World personal computer king Dell
Revenue increased 16% compared with last year's first quarter, helped significantly by a 21% increase in sales outside the U.S. (which are now 42% of total sales). Net income shot up 28% to $934 million, and earnings per share increased 32% to $0.29. Since these results met analyst expectations, there is little to get excited about here.
Computer industry analyst Gartner Group
How strong is Dell's PC business? Dell continues to build its PCs in the U.S. -- and grow. IBM
Recording a 30% increase in revenue over the year-ago quarter was Dell's Enhanced Services operation. Gartner Group recently ranked Dell No. 1 in hardware service revenue in the U.S. and No. 4 worldwide. This business has grown to 8% of quarter sales -- up 1% (almost 7% of sales for Q1 2004, 8% of sales for Q1 2005) from the year-ago quarter.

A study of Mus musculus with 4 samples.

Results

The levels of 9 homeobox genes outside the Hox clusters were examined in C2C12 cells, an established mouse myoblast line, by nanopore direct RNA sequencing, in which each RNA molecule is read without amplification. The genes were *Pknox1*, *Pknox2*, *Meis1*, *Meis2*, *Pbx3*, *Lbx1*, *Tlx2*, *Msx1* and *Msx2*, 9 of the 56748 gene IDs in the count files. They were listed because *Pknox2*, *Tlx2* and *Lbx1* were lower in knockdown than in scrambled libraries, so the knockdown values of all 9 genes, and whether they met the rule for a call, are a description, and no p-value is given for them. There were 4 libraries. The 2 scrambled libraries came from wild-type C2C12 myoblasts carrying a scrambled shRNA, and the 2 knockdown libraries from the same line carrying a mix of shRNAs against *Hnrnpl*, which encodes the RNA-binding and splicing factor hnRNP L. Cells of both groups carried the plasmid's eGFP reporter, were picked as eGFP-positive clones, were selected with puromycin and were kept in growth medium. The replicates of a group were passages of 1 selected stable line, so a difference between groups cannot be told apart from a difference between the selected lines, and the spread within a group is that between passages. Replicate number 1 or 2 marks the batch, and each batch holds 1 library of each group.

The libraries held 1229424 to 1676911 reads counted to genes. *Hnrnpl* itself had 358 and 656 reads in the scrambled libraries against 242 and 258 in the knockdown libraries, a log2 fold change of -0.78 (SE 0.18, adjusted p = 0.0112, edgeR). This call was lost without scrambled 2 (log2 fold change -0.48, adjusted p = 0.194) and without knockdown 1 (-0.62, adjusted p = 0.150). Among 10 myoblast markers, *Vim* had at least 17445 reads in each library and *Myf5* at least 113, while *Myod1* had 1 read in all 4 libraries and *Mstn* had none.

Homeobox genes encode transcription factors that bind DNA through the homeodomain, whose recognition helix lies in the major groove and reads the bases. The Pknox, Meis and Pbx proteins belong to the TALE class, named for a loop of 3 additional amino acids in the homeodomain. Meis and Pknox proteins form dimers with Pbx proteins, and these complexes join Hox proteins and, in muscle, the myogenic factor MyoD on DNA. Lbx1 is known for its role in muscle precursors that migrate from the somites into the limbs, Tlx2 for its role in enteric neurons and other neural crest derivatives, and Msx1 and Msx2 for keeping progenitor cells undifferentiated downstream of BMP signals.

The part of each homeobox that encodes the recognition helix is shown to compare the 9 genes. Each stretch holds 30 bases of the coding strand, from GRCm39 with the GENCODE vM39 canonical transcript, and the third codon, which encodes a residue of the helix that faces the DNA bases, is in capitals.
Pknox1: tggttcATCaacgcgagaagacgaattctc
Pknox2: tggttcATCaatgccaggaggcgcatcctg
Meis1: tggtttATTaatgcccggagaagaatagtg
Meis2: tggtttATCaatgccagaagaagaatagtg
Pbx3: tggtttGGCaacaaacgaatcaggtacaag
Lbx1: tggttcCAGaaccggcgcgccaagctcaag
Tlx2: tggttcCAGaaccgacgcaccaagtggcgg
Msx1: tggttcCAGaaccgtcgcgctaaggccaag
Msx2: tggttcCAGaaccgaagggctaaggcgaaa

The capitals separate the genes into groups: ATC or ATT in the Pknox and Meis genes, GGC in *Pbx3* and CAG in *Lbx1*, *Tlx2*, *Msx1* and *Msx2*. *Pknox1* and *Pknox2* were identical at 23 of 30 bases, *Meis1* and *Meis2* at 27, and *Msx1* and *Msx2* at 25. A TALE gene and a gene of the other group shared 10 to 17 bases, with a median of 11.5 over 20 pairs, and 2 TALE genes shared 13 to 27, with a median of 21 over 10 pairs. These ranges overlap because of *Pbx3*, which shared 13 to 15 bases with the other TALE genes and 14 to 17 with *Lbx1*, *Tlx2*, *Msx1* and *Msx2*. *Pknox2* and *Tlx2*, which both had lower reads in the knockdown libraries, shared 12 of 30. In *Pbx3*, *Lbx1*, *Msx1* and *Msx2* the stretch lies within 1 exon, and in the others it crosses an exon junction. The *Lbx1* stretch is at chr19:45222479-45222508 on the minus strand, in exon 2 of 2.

Here are two more savory morsels comparing this quarter with the one a year ago. Operating margins increased 0.4% to 8.8%. Even better, cash and short-term investments increased from $5.3 billion (at the same time last year) to $9.8 billion.
Dell is a golden goose. With only $504 million in debt and a booming business, you would expect the stock to be strong, right? Guess again. This Motley Fool Stock Advisor recommendation has seen its stock rise about 6% over the last 52 weeks.
But long-term investors will notice that analysts expect earnings to rise 24% this year and 17.5% next year -- pricing the stock at 20.7 times 2006 earnings. That's a very reasonable price for a company that has proved, over the long term, that it can enter markets and profitably dominate them.